We're winning battles but Aids war is far from over
Delegates arriving at the 18th International Aids Conference in Vienna this week could be forgiven for not knowing whether to pat themselves on the back or beat themselves around the head.
Those inclined towards self-satisfaction can point to significant victories in the fight against HIV and Aids: the number of people becoming infected with HIV each year has fallen by 17% since 2001, the number of infected people receiving treatment has increased tenfold in five years, and the number of deaths has fallen by 10%.
But the head-beaters also have a strong story to tell. In spite of the improvements, more than half of people with HIV and Aids do not receive the treatment they need to stay alive.
The situation remains particularly bleak in much of sub-Saharan Africa, which accounts for 60% of those living with HIV, two-thirds of new infections and almost three-quarters of all Aids-related deaths. In 2008, two million people died of Aids and nearly three million were infected with HIV.
This relative lack of progress is disappointing when you realise that 2010 is the year by which world leaders promised those at risk from HIV and Aids universal access to prevention, treatment and care. So why has the world failed to live up to the intentions of its leaders in 2001? Inevitably, a large part of the answer is cash.
The fact is that donors have not been willing to find the funds necessary to halt the spread of HIV and treat those already infected.
Worryingly, there are signs that rather than stepping up their efforts, donors are seeing the limited successes so far as a reason for complacency.
The Global Fund to Fight Aids, Tuberculosis and Malaria - responsible for saving almost five million lives - is running short of money.
If universal access is to be achieved anytime soon, then donors must find a minimum of $20bn to replenish the Global Fund for the next three years.
But it would be wrong to pretend that HIV is a problem that can be solved only by governments of rich countries or by a reorganisation of the way aid is delivered. African governments have a critical role to play. They committed to allocating 15% of their national budgets to health and HIV, but only a handful of countries, including Malawi and Botswana, meet this target. Some 11 African countries currently spend just $5 per person annually on health.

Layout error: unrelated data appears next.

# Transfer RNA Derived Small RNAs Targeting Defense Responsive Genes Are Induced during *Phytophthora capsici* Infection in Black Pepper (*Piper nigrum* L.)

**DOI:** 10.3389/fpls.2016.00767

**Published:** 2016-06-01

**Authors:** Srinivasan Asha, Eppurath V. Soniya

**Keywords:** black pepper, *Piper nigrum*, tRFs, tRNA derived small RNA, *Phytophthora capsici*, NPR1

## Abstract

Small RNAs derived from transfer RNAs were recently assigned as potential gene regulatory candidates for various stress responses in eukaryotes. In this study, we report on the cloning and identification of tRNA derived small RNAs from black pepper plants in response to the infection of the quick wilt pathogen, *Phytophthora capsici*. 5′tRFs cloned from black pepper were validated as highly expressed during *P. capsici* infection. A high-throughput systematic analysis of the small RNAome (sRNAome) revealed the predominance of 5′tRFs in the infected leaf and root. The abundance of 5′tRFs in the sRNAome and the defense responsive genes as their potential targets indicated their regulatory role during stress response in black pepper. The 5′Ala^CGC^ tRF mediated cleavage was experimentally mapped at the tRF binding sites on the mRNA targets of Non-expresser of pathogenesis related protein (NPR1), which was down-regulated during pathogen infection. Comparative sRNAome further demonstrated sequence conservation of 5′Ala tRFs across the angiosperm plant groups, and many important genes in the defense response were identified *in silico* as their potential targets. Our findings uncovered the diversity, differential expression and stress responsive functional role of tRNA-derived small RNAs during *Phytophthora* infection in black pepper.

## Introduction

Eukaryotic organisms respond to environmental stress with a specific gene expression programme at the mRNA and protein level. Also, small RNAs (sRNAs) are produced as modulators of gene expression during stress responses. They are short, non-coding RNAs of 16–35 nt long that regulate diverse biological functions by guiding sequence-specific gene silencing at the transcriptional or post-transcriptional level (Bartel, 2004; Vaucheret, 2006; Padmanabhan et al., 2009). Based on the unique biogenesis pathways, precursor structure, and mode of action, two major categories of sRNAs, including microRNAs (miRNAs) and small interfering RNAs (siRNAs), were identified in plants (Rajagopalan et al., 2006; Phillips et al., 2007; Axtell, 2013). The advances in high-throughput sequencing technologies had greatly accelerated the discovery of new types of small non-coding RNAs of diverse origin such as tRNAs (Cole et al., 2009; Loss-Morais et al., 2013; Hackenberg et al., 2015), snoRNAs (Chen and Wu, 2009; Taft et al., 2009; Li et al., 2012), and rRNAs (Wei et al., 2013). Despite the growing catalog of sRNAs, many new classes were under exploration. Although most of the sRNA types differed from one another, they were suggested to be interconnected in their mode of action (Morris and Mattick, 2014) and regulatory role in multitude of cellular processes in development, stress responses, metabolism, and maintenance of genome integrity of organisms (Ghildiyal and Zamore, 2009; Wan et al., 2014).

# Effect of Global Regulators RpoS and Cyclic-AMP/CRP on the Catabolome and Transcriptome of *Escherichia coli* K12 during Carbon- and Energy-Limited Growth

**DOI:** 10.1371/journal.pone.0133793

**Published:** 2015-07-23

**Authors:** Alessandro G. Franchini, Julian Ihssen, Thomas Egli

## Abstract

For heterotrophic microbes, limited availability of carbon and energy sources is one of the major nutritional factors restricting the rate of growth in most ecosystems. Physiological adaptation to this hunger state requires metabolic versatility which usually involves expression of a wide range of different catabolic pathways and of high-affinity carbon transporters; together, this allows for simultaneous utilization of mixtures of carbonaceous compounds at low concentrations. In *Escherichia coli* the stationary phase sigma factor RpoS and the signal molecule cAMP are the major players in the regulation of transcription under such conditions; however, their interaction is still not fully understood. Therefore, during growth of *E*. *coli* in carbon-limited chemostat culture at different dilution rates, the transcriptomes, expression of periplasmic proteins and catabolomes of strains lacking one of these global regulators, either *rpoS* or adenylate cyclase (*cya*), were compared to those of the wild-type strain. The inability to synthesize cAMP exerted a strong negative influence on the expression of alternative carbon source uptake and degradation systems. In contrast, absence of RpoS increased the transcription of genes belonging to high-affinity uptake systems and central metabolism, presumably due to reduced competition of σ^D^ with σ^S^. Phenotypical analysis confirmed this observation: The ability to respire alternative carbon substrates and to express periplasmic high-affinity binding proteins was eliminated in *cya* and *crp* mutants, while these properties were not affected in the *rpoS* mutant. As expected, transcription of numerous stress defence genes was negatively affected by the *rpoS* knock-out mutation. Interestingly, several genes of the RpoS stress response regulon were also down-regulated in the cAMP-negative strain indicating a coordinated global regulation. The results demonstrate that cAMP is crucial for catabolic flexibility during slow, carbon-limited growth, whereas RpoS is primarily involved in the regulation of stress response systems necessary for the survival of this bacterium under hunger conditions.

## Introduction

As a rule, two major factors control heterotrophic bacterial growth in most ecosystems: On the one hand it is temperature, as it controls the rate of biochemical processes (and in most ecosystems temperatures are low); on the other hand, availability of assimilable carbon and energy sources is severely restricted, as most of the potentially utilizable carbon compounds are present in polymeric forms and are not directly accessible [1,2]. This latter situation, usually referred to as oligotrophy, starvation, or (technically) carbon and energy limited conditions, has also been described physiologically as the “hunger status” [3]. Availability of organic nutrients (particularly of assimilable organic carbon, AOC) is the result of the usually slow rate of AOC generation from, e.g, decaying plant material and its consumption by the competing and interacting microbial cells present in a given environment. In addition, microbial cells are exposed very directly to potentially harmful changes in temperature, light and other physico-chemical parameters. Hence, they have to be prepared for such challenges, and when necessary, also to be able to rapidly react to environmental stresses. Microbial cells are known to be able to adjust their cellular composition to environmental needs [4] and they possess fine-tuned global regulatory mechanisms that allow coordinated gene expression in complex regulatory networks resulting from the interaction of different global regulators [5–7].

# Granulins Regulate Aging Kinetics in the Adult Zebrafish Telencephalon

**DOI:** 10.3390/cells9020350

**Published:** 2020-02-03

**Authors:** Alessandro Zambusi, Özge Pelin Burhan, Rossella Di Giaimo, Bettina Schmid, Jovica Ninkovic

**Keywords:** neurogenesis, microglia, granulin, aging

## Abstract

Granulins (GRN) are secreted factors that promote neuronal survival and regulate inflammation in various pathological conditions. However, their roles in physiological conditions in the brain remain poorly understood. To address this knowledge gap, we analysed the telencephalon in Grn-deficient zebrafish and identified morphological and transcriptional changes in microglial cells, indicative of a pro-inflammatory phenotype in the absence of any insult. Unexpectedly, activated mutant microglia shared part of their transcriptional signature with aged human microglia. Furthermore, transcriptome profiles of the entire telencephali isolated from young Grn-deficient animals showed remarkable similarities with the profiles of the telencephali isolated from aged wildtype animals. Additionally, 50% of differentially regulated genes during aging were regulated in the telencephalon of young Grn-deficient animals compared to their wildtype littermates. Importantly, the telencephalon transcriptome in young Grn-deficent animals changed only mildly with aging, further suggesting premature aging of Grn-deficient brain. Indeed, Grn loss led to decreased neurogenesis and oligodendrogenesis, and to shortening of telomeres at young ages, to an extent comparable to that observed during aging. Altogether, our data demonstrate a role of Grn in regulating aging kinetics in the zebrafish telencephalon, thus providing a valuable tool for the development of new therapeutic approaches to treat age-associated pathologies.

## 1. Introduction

And now, under pressure from the economic crisis, too many are backtracking on that target. In March, South Africa, Rwanda and Egypt successfully fought for the pledge to be quietly dropped by African Union finance ministers.
This is deeply alarming. Unless governments of both north and south commit additional funds, then universal access to HIV prevention, treatment and care will remain an unattainable goal.
Tackling HIV and Aids will need additional resources, but the battle will be lost if discrimination and prejudice are not dealt with head on.
Some governments are jeopardising the fight against HIV by enforcing punitive laws and practices. In Sierra Leone, for example, an offence was introduced into the law in 2007, criminalising people with HIV who put others at risk of infection - even pregnant women who pass the virus to their unborn babies.
And this is not just an African problem. In 2008, an HIV positive homeless man in the US state of Texas was sentenced to 35 years in jail for "harassing a public servant with a deadly weapon". His crime? Spitting at a policeman while drunk.
These laws are an attempt at a shortcut to bring HIV under control. But - as with legislation targeting homosexuals, sex-workers, drug-users and illegal immigrants - they make it more difficult for people at risk of HIV to take steps to prevent infection.
These laws also discourage those who fear they might be HIV-positive from being tested and receiving treatment.
The sad reality is that almost a decade after the world's leaders promised to halt the Aids epidemic, progress is under threat from actions in both rich and poor countries.